Sunday, August 29, 2010

Chapter Thirteen: We Go Somewhere "Closer to God"

By Gina Morrison

As the crow flies, it isn't that far from Xandra's home to her office in Menlo Park, but with the horrendous traffic, we go so slowly that I end up nodding off. When I wake up Xandra tells me that I've been snoring.

I shake my head and sit up. I realize that we have left the freeway and now we're driving on some back road that winds up through the golden hillsides.

I yawn. "This looks like the very long way around," I say.

Xandra smiles, and sips from her traveling cup, which contains green tea.

"I told you, Gina, I'm taking you to see my friend."

"Oh right, the therapist."

Xandra looks at me slyly and nods. Her dark eyes are full of mystery. "Trust me, Gina, this is like no therapist you have ever met before."

I shift in my seat. "You're making me nervous Xand."

"Oh, just relax, she's wonderful."

"Yeah, so, where does she live?"

"I would say she lives in a fairy ring, but then you would think I was joking."

"Yes I definitely would think that."

Xandra laughs. "I could also say she lives closer to God, but that might be hard for you to swallow too."

"Yup." I yawn, and rub my eyes. Two things are clear, my dear Xandra is taking me someplace beautiful. And she isn't going to tell me much about her friend in advance.

"She lives in the Santa Cruz mountains in a house that she built herself."

"Wow. That's cool."

I gaze out the window. The sun is just climbing over the golden hillsides. The sky is that brilliant California blue, and the hillsides are rounded and full of billowing live oaks. I yawn, and in that sleepy state, I am thinking, weird how familiar all this looks, and in that instant,

suddenly my head clears and IT HITS ME

I've been here before,

I've been here before. I've been here before.

I suck in my breath.

"Fuck," I whisper. I gaze out the car window

up into the branches of the live oak where I'm lying on the baked earth. Teresa and I escaped up here after chores at the convent.

We are on a blanket beneath our beloved live oak tree. A hot breeze is blowing. I so much want to take off my veil. I don't dare because there are times some of the other nuns walk up here and that would be the worst thing in the world for them to find me without my veil.

"Are you thirsty?" Teresa asks now.

I turn. She has buried in her basket beneath a towel a cool canteen of freshly squeezed lemonade.

"You are so kind," I say, and drink from the canteen.

After a few minutes of silence, Teresa asks again to read the pages I've tucked into my sleeve.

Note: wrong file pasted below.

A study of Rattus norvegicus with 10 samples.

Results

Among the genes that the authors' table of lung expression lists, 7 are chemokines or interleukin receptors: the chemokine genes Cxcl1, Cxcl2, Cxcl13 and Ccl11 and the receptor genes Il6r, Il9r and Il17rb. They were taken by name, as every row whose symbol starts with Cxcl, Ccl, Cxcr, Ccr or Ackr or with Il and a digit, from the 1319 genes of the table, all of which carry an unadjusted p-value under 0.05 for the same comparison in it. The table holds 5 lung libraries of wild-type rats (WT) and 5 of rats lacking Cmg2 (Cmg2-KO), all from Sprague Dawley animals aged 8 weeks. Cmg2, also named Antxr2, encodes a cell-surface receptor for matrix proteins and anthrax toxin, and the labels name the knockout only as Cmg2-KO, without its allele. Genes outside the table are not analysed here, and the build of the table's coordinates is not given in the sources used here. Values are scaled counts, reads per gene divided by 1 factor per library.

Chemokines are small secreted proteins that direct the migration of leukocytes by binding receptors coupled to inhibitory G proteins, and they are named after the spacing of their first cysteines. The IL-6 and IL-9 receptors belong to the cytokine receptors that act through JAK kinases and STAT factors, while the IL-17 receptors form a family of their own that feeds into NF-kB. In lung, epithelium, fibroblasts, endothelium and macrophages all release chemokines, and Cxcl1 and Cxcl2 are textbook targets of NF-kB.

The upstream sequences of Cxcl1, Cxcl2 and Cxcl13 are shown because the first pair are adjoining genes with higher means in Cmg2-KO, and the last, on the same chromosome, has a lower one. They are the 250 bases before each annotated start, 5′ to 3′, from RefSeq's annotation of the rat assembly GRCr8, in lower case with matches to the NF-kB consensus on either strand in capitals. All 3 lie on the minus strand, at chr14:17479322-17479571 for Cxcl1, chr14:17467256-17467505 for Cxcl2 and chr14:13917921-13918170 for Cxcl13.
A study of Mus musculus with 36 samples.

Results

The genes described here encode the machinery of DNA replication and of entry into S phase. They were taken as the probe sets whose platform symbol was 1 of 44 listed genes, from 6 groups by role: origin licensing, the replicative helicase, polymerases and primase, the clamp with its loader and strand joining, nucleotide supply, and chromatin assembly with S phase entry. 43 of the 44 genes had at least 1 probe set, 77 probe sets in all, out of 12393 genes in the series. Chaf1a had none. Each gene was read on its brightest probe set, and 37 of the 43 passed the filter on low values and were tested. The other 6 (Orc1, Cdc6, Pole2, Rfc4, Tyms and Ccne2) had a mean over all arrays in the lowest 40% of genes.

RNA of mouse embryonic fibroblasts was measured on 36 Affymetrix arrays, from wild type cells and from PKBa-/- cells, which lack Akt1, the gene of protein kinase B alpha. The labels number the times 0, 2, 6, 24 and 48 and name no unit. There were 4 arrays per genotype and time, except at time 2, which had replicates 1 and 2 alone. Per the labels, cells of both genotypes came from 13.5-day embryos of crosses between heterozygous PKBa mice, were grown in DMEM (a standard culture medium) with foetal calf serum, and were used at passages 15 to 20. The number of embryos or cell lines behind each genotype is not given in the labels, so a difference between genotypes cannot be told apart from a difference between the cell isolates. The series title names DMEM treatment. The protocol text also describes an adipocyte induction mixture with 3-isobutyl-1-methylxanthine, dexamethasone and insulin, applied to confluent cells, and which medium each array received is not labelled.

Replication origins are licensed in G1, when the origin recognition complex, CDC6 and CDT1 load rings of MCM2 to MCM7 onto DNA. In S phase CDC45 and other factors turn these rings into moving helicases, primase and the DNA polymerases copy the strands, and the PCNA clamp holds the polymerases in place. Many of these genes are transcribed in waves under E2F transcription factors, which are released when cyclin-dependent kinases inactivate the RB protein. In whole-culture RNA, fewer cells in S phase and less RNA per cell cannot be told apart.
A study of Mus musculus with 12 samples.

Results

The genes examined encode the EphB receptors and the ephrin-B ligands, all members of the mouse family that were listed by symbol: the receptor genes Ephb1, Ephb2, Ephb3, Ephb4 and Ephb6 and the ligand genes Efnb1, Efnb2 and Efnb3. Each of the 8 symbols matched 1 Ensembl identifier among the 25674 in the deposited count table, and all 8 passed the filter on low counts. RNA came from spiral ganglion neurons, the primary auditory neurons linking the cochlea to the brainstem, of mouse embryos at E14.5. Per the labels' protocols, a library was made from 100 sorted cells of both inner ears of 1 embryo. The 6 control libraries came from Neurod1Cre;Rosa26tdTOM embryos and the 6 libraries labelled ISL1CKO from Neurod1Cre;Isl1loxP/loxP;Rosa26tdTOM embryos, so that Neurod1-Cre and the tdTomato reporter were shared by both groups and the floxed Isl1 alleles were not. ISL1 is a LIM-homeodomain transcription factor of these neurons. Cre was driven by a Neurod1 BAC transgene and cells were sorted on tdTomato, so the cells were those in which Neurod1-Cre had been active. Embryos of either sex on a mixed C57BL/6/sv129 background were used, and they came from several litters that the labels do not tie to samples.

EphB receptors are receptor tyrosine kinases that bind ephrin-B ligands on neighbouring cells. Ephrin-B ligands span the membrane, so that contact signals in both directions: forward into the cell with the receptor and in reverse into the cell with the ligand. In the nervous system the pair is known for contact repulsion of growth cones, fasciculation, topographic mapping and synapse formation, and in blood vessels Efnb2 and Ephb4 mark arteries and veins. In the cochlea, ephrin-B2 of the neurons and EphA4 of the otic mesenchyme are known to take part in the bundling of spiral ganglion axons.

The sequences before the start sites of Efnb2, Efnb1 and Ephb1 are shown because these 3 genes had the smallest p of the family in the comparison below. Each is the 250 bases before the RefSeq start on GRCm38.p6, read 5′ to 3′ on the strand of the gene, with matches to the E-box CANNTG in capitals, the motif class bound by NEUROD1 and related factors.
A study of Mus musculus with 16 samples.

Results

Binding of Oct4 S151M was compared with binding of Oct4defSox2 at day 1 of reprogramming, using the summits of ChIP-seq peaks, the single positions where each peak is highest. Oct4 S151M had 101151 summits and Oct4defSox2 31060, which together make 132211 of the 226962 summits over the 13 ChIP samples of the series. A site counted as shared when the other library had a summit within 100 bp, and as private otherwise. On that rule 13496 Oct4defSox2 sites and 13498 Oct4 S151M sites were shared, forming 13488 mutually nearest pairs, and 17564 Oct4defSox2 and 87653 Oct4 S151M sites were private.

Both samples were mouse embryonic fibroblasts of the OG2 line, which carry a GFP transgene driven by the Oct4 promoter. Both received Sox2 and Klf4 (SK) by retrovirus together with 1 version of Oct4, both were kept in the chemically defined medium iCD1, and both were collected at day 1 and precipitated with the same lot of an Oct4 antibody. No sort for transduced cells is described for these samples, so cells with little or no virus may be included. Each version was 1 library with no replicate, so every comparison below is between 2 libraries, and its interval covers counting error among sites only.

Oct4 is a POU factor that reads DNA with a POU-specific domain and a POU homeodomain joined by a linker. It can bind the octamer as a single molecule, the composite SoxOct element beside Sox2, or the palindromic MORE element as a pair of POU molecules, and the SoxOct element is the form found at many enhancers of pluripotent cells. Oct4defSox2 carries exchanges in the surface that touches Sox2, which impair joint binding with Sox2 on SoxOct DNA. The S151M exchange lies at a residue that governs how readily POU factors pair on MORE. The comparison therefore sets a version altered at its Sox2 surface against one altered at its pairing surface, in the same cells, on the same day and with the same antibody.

I'm scared to let her read them. What Antonie has written here on these thin pieces of white paper is clearly the work of an insane man. But I cannot keep them from Teresa any longer.

I hand her the piece he calls “Renata Dancing." She reads in silence. Then I let her read "Roseblade.”

When she finishes, those normally cheerful blue eyes of hers are muddied and solemn.

“Oh Renata.” She takes my hand. “He… he is… that devil who is your cousin is going to destroy you with these lies for sure.”

“Yes, I fear he will. But what am I to do?”

She gazes out to the golden hillside, where two large black birds land. She is still holding onto my hand. Slowly she shakes her head.

“I don’t know that there is anything that can possibly help. But one thing you must absolutely do.” The deep blue sky color sails back into her eyes. “Take precautions. And continue to record everything that happens. Write it all down in your diary. Leave out nothing, not a single detail.”

I nod. “God knows, I am writing in the diary every blessed day.”

“Yes, yes. You must continue. And one other thing you could do. Remember I told you to write the story of how things were when the two of you were growing up?”

“Yes. I remember. And I have considered it. But how is writing such a history going to help?”

“You will see for yourself, and show others too, how the past, your past with Antonie, has shaped things. You will see how things have come to be the way they are.”

I consider her face. Usually such a jolly soul, Teresa is wholly serious today.

“Yes, I suppose it can’t hurt,” I say.

“And now Renata, I’ve got to head back. Mother Yolla instructed me at lunch to attend to the henhouse today and I dare not show up to supper without having done it, or I will pay dearly.”

“Oh yes, of course, and I’ll come, I’ll help,” I stand too. But she stops me.

“NO.” She holds up one hand in commandment. “You my dear sister, you are going to sit down and write.”

“But it might wait, I could…”

“NO.” Another hand up. “You must write in the diary. Right now. I am leaving the canteen with you. Open straight to a clean page. And begin. Write about your cousin and you. In the old days, when you first came. Maybe buried in your words you will see if there were clues, already, back then.”

When she says that, I squirm. There are things about Antonie and me in the past that I would prefer not to recall.

I watch my dear Teresa retreat down the hillside. She holds the dark skirt of her habit wide, in two hands, and as she lopes down the hill, the hot air shimmers, and she presents a ghostly figure, there on the hill.